The Little Traverse Bay Bands (LTBB) of Odawa Indians in Harbor Springs, Michigan, made history March 3 when their council voted 5-4 to legally recognize same-sex marriages on their reservation. This was the second time in as many years the proposed statute was brought up for a vote by the council, who rejected it by an identical vote of 5-4 last summer. At a council member’s request – and touted as a deciding factor in the law’s passage – a provision was added to the statute requiring at least one member of the same-sex couple be a tribal citizen. LTBB Chairman Dexter McNamara signed the statute into law on March 15.
Having passed the sometimes-contentious legislation, the tribe hopes to be a trendsetter for other tribes in Michigan and throughout Indian country and is hoping they have opened the door for other tribes to follow. They have now joined at least two other tribes in the United States who recognize same-sex marriages; the Coquille Tribe in North Bend, Oregon, and the Suquamish Tribe in Suquamish, Washington.
Within minutes of the Waganakising Odawak Marriage Statute being signed by McNamara, the tribe again made history by performing a marriage ceremony for two men who recently celebrated their 30th anniversary. Tim LaCroix, 53, a member of the tribe and Gene Barfield, 60, became the first same-sex couple in Michigan to exchange rings and a kiss in front of family and friends at the tribe’s administrative complex during a ceremony that blended traditional Native culture with Western vows. During the ceremony, a maple sapling was bent into a hoop and cedar, sage, tobacco and sweetgrass were tied to it. The sweetgrass was lit and the hoop moved over and around the couple to invite good spirits while warding off bad ones. As the tribal chairman pronounced them married, the men joyfully embraced and accepted congratulatory handshakes and hugs from those around them.
“This is about tribal people being happy,” McNamara said. “My vote was the deciding vote and it was in my heart to pass the same-sex marriage resolution. To me it was a constitutional issue; everyone gets equal rights as spelled out in the preamble of our constitution.” He said he is happy to report he has been approached by another tribal chairman in Michigan who may be considering changes to his tribe’s marriage law and asked him for a copy of LTBB’s new marriage statute. McNamara believes it’s just a matter of time before changes will occur at the state level as well.
Michigan prohibits same-sex marriages under an amendment to the state Constitution passed by voters in 2004 and also does not recognize same-sex marriages performed in other states.
Newlywed Tim LaCroix said, “When the day came and presented itself we seized the moment and we are extremely happy about it. I can’t say enough about our tribe doing that for us,” he said. Tim’s proud husband, Gene Barfield, said, “That they [the tribe] created this opportunity is incredibly important in so many ways – even in today’s day and age when there are gay people on TV, in Congress and LGBT people all over the place – it is still incredibly important for communities to stand up and act on equality. Every time a signal like this gets sent, the door is pushed open a little wider and there is more room for people to live their lives.”
Denise Petoskey is the HR director for the LTBB and was one of two women who pushed for the resolution to be brought back to the council for a vote. The other sponsor of the statute was the tribe’s Communication’s Coordinator, Annette VanDeCar. Petoskey said, “We have an equal protection clause in our constitution that states no one within our jurisdiction can be denied equal protection of the laws and it seemed like the ban on same-sex marriages was a glaring example of not having equal justice. We are a fairly small community and I think it’s [the new law] representative of our traditional values of respect, love and honesty. Even if people don’t totally understand it, I think they accept that it is a matter of individual choice.”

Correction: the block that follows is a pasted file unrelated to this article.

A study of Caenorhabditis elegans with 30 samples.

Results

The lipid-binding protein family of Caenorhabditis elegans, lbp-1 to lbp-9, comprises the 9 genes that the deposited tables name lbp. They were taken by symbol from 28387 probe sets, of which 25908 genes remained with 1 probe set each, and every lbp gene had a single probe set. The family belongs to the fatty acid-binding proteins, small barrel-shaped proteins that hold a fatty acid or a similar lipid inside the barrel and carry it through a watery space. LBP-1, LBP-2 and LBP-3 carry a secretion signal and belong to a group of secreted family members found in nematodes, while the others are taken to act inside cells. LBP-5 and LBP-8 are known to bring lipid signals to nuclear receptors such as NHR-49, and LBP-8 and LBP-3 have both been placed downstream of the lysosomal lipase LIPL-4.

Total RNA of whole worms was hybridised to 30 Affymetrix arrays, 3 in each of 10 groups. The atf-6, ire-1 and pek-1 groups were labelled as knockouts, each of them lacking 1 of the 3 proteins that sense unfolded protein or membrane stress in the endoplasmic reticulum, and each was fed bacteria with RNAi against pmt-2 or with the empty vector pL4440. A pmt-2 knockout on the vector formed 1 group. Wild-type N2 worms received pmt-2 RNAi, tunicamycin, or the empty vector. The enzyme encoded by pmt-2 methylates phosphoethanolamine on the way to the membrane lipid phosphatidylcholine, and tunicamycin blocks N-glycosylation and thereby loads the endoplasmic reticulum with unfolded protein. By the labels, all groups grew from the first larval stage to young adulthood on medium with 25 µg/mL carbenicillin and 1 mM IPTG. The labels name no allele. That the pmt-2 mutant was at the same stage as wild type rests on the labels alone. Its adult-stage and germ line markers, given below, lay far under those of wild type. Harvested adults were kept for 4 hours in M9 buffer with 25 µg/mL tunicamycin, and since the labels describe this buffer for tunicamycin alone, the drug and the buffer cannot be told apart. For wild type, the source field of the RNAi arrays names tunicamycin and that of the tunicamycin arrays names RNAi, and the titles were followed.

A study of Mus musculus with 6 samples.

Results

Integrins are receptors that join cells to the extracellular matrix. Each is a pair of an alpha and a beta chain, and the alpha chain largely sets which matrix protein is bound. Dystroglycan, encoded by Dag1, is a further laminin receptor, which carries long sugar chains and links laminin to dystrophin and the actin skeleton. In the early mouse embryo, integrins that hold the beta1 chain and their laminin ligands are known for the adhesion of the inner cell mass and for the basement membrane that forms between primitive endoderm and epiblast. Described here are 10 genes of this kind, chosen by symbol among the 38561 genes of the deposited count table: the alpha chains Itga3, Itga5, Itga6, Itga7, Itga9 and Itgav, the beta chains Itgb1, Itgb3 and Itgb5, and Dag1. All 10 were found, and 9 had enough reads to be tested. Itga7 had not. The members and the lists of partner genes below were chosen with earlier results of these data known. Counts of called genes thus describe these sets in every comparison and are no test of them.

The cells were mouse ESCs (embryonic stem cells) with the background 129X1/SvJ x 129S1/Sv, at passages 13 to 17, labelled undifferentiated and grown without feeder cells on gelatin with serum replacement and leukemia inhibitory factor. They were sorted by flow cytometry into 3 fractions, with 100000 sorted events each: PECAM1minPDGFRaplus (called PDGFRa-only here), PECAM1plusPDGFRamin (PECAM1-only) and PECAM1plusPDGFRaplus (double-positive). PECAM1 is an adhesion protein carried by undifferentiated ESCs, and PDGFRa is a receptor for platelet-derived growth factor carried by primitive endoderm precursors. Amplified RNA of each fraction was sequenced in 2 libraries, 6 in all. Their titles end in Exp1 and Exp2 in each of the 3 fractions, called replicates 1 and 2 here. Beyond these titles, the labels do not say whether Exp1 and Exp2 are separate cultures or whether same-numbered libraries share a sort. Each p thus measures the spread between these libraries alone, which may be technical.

Cherie Dominic is a LTBB citizen and works for the tribe’s Office of Citizen’s Legal Assistance – she is also a young lesbian. She said tribes today are faced with a difficult situation because there is often conflict between traditional tribal values and modern values influenced by western culture. “I feel that LTBB’s adoption of same-sex marriage advances tribal sovereignty and self-determination by utilizing the tribe’s own values and principles as its source of law, instead of conforming to outside sources. It’s amazing to me, I am still in the glow of what has happened,” she said. “It’s really big for Indian country.”
Barfield said as far as he and Tim are concerned they are legally married. “The tribe is sovereign and this is a duly passed law and we happened to be lucky enough to be first in line,” he said. We are not really inclined to put our marriage up to a vote – it would be good in all respects for marriage equality to become the law of the entire land and that is what we really look forward to.
“The Constitution to me has always been a living breathing thing and it grows with us. This is part of its growth,” Barfield said. “When you think about the institution of marriage itself having such a difficult time, I can’t help but think that all these other people who are trying to buy into that institution can’t help but strengthen it. We are not trying to break marriage; we are a part of marriage now. We want marriage to be a good thing for everybody.
“I wish people would tread lightly in each other’s lives,” he said.
The happy couple is planning a wedding reception on their 30-acre farm in Boyne City in July. Calling it a news-breaking party, LaCroix said the Democratic National Committee has expressed an interest in doing a marriage equality event and may hold that in conjunction with their reception.